Monday 29 October 2018 Session
Background to the programme
It is becoming increasingly apparent that insecurity, injustice, crime and violence do not recognise national boundaries and represent a global challenge to citizen security and the rule of law. These challenges are often compounded by outbreaks of conflict, fragile and weak governance systems and by the need for national security and development reforms.
The international response to these challenges has been to deploy increasing numbers of police officers and assistance teams as part of operational, technical or organisational capacity building initiatives to countries affected by conflict and fragility either within an EU framework, as part of a UN peacekeeping mission or as a unilateral or bilateral assistance program.
Experts with specific qualifications and skill sets are increasingly needed as police organisations are called on to assist with international obligations. However, when a police organisation is called upon to provide a senior Police advisor for a multinational assessment or complex fact-finding mission, suitably skilled and experienced people with a broad understanding of development and security sector reform issues to complement their policing expertise are not always readily available.
Whilst many countries have designed and delivered specific training programs to prepare police officers for participation in peacekeeping missions, there are far fewer opportunities to prepare police experts to act as advisors and mentors to reform initiatives in post-conflict and transitional, organisational development contexts. A good advisor/expert requires a different set of skills, attitude and level of knowledge from those needed for traditional and narrowly defined peacekeeping deployments.
An important starting point for the Masterclass is the concept of Security Sector Reform (SSR).
In most countries, security and justice are delivered by a large number of actors. SSR aims to enhance both the security of people and the governance of the security sector, promoting good delivery of security and justice services, under democratic oversight and control. Statutory security services, executive/civil management bodies, legislative and justice institutions, civil society, non-statutory armed formations, independent oversight agencies and external actors all play a role in the sector.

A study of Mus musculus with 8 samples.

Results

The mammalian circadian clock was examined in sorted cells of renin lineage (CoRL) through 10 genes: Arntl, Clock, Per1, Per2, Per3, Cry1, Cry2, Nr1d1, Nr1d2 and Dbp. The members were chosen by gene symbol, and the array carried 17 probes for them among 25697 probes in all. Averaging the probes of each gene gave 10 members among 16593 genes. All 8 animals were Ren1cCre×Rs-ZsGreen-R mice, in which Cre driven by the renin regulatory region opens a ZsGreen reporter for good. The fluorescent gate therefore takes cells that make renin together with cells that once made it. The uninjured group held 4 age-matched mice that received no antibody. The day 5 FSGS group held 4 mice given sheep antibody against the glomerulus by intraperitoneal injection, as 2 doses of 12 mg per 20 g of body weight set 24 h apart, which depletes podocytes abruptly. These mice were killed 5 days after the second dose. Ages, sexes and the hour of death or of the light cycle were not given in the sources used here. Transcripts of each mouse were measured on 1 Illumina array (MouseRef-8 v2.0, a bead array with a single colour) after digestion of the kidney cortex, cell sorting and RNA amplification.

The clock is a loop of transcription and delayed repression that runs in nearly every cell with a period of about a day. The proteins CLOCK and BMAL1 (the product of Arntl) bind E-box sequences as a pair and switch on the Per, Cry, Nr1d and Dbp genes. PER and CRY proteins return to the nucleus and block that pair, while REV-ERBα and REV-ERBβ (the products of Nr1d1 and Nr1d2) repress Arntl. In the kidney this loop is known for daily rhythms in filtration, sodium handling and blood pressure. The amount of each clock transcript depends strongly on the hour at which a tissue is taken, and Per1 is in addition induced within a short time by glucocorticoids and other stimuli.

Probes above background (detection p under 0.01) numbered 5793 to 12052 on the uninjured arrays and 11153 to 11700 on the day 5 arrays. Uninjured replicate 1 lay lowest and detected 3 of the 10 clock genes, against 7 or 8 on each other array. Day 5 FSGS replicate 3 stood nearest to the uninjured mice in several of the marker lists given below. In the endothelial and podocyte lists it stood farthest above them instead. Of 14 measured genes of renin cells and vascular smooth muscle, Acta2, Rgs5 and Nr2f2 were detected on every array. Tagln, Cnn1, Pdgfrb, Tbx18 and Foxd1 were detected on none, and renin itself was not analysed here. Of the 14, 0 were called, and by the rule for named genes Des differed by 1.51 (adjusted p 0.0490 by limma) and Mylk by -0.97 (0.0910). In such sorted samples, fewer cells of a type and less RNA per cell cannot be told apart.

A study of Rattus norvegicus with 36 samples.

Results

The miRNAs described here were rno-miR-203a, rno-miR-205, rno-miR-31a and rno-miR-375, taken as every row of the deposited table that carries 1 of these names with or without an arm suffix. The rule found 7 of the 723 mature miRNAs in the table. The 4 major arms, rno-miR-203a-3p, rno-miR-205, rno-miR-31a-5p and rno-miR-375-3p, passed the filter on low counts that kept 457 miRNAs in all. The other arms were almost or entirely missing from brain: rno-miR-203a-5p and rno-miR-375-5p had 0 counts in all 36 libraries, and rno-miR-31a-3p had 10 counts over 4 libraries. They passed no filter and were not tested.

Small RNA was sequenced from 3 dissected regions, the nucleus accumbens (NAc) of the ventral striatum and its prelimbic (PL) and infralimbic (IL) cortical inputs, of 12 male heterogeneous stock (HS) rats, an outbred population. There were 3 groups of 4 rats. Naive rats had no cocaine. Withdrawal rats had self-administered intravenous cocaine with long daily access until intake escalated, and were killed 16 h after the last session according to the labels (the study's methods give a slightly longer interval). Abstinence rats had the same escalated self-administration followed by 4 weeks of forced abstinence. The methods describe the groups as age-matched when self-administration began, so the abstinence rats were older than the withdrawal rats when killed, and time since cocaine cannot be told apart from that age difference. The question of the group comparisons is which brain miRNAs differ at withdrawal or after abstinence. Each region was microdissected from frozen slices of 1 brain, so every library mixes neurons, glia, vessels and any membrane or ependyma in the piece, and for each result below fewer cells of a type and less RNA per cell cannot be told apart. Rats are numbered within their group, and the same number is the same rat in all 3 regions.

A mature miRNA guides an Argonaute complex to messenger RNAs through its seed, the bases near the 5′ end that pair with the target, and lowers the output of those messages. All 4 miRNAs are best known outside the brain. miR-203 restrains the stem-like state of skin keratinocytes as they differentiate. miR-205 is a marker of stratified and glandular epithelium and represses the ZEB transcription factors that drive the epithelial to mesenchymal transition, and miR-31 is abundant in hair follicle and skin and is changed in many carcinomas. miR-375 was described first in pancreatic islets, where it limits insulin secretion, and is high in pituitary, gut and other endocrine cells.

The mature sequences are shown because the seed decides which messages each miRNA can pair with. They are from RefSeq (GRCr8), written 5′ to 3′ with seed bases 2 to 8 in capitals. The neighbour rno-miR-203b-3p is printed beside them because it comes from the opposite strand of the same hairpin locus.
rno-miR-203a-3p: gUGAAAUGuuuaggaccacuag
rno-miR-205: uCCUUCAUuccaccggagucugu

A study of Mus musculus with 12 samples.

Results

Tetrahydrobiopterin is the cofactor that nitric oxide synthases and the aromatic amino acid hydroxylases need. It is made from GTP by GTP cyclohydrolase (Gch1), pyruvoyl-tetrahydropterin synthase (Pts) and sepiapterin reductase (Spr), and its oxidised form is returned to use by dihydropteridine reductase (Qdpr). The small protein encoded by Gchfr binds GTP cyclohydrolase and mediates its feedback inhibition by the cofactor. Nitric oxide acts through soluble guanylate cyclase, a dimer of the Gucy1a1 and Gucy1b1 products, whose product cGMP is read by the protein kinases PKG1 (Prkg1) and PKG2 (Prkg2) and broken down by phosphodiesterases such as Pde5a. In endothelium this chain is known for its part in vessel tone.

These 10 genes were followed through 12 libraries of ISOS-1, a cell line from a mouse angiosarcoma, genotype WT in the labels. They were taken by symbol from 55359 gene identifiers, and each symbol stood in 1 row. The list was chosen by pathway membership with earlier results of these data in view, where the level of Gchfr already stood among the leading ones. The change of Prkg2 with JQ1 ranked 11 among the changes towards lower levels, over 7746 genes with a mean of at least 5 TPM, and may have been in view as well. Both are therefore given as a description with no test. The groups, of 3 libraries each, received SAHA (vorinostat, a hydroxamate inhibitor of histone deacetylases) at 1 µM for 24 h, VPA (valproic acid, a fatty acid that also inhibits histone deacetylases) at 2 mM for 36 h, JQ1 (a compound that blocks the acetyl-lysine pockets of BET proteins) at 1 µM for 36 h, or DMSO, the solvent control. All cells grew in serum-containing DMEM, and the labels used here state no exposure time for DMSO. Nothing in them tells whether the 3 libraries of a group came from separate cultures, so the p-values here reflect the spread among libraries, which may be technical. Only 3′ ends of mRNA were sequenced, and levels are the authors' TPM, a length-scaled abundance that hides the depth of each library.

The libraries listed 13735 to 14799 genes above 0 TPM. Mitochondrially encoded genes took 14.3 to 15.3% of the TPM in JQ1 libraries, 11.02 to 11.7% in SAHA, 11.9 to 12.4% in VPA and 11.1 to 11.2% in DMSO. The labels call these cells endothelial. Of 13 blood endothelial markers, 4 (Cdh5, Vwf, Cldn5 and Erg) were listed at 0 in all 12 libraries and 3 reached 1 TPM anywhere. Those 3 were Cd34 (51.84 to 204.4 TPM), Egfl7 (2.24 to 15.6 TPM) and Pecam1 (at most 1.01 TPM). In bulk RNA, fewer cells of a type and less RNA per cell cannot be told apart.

Due to the linkages between the various actors, projects that target one area of the security sector, for example policing, need to always consider the impact on related areas; otherwise the success of reform efforts could be limited or even have a harmful effect.
Policy cornerstones of the Masterclass approach to SSR include the UN (2014) Policy on Police in UN Peacekeeping- and Political Missions, the UN Secretary General’s Reports on SSR, as well as the OECD DAC Handbook on Security System Reform. In all these documents, a clear approach to supporting reform is articulated. Key elements of this SSR approach are: holistic, integrated, focused, tailored, locally-owned, prioritised, monitored and evaluated.
The Masterclass does not just focus on SSR in peacekeeping environments but will also look at international development and other police assistance contexts, be they operational, organisational or individual. You will not only be introduced to conceptual frameworks but will also have access to tools, techniques, skills and approaches, including consideration of appropriate attitudes and behaviours for those involved.
The Masterclass has three distinct phases, each of which is explained in this handbook. First is a Distance Learning Module, which leads you through several steps before you attend the two-week Residential Module and finally, as an alumni of the Masterclass you will be encouraged to undertake several Follow-on Actions that will help you to implement your learning.